Answers to pro painters’ most pressing questions by Rick Watson
Can you help me understand the differences between conversion varnish, two-part polyurethanes, lacquers, and pre-cat lacquers?
Nitrocellulose lacquer is the traditional topcoat of choice for wood finishing. Some of the benefits of lacquers include a rich appearance, easy application, and the ability to easily touch up or correct flaws in the coating. Each layer of nitrocellulose lacquer “melts” into the previous film, resulting in an even and uniform appearance.
Historically, the limitation with nitrocellulose lacquer has been a tendency to yellow and a relative lack of durability for heavy-wear applications. New technology, including the addition of UV absorbers and higher solids formulations, have resulted in high performance lacquers.
For higher quality applications, look for a catalyzed finish, especially one that is high build and/or contains UV absorbers. CAB acrylic clear is a type of nitrocellulose lacquer that has better yellowing resistance than most nitrocellulose lacquers.
CAB acrylic pigmented lacquers
CAB acrylic lacquers are designed for interior wood finishing where light stable, non-yellowing whites and pastels are required. These white lacquers can be used for finishing kitchen cabinetry, furniture, and other interior woodworking. Cellulose Acetate Butyrate (CAB) acrylic represents the best chemistry of lacquers for resistance to yellowing.
High-performance pigmented conversion lacquers are for the general wood finishing market. After catalyzation, they can provide up to six months pot life as a white pre-cat lacquer. Many meet the KCMA specifications as a self-sealed system or over several catalyzed vinyl sealers. Some of these pre-cat Lacquers contain a UV absorber for improved resistance to yellowing. Catalyzed lacquers offer improved hardness, and better chemical and moisture resistance.
Waterborne acrylic topcoats
Clear and pigmented waterborne acrylic topcoats are gaining in both performance and popularity with the increased interest in sustainability and green coatings. Waterborne acrylic technology can provide durability as well as moisture and chemical resistance. Recent advances in waterborne technology have resulted in a final appearance that matches the traditional look of lacquer, eliminating the biggest resistance to waterborne products. Waterborne acrylics are ideal products to help meet many VOC regulations and support efforts toward lowering the environmental footprint.
Limitations in waterborne acrylic technology can include differences in the application process, grain raising, and more difficulty in touching up or correcting worn or damaged areas of the coating. Waterborne acrylic topcoats are often used for non-shop application in VOC-regulated areas, or for finishers with environmentally focused customers.
Conversion varnish is an extremely tough and durable catalyzed coating, and should be the product of choice for the most demanding end uses and customers. It is one of the best in moisture and chemical resistance of any wood finish. It also has a crystal clear option, making it an exceptionally good product choice for use over white, pickled, or light-colored stains. Pigmented conversion varnish also has good resistance to yellowing.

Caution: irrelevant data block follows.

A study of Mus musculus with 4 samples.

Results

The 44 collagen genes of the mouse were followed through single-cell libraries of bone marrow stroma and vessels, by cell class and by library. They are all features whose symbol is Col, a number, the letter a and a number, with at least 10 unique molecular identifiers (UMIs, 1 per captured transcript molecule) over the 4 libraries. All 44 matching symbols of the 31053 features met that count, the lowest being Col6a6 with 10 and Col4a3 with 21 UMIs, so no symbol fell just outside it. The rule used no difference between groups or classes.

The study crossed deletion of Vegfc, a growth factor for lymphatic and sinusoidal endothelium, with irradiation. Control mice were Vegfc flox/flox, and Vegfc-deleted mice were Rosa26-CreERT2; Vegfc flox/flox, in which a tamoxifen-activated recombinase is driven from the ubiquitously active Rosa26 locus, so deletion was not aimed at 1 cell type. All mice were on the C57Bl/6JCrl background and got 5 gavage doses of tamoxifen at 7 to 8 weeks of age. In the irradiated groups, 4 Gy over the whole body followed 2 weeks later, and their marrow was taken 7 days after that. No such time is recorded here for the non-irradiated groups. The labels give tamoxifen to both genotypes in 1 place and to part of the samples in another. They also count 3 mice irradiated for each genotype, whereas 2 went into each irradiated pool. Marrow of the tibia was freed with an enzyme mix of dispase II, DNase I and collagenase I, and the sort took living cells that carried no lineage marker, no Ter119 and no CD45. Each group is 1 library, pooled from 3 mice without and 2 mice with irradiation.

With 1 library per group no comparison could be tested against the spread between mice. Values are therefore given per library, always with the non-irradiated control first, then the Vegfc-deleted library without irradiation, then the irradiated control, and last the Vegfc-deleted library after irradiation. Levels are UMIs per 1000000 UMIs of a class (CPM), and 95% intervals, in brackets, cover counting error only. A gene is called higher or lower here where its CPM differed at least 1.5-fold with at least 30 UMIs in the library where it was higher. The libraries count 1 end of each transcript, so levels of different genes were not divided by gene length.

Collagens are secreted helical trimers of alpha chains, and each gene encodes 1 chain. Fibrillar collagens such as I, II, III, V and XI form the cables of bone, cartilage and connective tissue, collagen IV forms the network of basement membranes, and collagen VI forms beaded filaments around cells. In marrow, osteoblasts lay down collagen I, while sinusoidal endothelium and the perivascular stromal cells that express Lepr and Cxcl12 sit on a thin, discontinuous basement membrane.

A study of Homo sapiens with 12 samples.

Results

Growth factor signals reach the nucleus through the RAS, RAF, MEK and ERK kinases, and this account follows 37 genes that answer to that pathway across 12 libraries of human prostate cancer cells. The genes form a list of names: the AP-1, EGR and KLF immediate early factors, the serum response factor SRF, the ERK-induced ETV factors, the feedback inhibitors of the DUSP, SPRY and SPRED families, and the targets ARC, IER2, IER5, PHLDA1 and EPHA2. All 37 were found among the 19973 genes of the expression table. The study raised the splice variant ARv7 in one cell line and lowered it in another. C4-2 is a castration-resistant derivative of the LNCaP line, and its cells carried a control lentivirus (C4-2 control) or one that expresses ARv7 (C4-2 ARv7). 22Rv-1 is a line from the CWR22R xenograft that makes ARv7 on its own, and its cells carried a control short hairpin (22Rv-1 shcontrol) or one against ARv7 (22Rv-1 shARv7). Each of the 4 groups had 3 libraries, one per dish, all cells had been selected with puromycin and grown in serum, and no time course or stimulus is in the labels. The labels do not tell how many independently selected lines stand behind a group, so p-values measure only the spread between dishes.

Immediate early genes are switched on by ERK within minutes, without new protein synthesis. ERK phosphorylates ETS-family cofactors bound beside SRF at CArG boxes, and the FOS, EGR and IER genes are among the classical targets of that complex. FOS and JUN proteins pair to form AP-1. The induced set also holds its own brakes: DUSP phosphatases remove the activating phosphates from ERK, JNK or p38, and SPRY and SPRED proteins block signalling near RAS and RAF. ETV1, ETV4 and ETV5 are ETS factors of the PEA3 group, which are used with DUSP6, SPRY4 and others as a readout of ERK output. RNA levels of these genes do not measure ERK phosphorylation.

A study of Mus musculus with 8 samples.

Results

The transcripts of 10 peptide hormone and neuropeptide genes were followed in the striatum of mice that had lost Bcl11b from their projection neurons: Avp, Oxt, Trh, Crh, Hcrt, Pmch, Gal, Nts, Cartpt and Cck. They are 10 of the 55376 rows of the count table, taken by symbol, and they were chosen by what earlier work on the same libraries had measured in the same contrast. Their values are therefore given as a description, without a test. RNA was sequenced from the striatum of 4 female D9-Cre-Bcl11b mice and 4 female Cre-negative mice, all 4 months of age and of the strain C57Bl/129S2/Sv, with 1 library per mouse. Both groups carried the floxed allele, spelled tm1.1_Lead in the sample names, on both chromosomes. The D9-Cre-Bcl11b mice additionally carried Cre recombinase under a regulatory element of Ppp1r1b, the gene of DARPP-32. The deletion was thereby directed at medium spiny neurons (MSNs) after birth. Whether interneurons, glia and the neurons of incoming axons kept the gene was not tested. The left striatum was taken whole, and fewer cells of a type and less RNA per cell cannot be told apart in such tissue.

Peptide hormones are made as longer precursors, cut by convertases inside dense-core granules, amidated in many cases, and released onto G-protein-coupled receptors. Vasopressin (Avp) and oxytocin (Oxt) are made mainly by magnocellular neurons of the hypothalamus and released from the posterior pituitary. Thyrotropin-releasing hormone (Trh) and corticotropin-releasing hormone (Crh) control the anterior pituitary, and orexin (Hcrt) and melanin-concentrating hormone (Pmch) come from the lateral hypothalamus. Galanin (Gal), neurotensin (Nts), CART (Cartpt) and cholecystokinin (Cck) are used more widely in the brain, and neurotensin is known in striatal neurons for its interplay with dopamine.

Conversion varnish has a multi-phase curing mechanism, requiring both solvent evaporation and catalyzation, so it takes longer than traditional wood finishing topcoats to fully harden. Thus, conversion varnish is not recommended for application in facilities where ambient dust and debris are present and could blemish the coating.
Conversion varnish is most popular with finishers of institutional furniture for offices, schools, and churches and is also used for high-end cabinetry packages, vanities and other high-quality custom wood applications.
Most large kitchen and bath cabinet manufacturers prefer to use conversion varnish. Smaller shops that can’t climate control their shop environment 24/7 should not consider conversion varnish systems. Conversion varnishes are the workhorse for the kitchen cabinet industry and are widely used on office furniture and interior wood surfaces where high performance is required, such as store fixtures.
Clear and pigmented polyurethane finishes are popular in certain parts of North America, particularly for on-site finishing. Polyurethane is similar to acrylic technology in both durability and appearance – uniform, with lack of depth and luster. Repair is more difficult than traditional lacquer technologies. Many polyurethanes have more forgiving application characteristics, which is why it is popular for on-site finishers and application.
Urethanes offer excellent film properties and the added benefit of containing no formaldehydes which are becoming more and more restricted in use. Urethanes would commonly be found on office furniture and lab equipment that would be potentially exposed to harsh chemicals.
UV coatings – clear and pigmented – offer many benefits such as excellent chemical resistance, excellent film properties and appearance. You will find the majority of UV applications are done on what is referred to as a “flat-line” finishing line. They’re commonly used for kitchen cabinets, office furniture, entry doors and other markets where high volume and speed in finishing is required.
Clear and pigmented polyesters are extremely hard, high-build finishes. Polyester coatings are specialty coatings popular for high-end furnishings and musical instruments like guitars, organs, pianos and other situations where a high gloss wet look is required. Think of that bar-top finish with the coins embedded in the coating.
This article was originally published in the Winter 2018 issue of PPC magazine. Rick Watson, director of Product Information and Technical Services at Sherwin-Williams, answers questions from pro painters in the Ask Your ProPartner™ column in PPC magazine.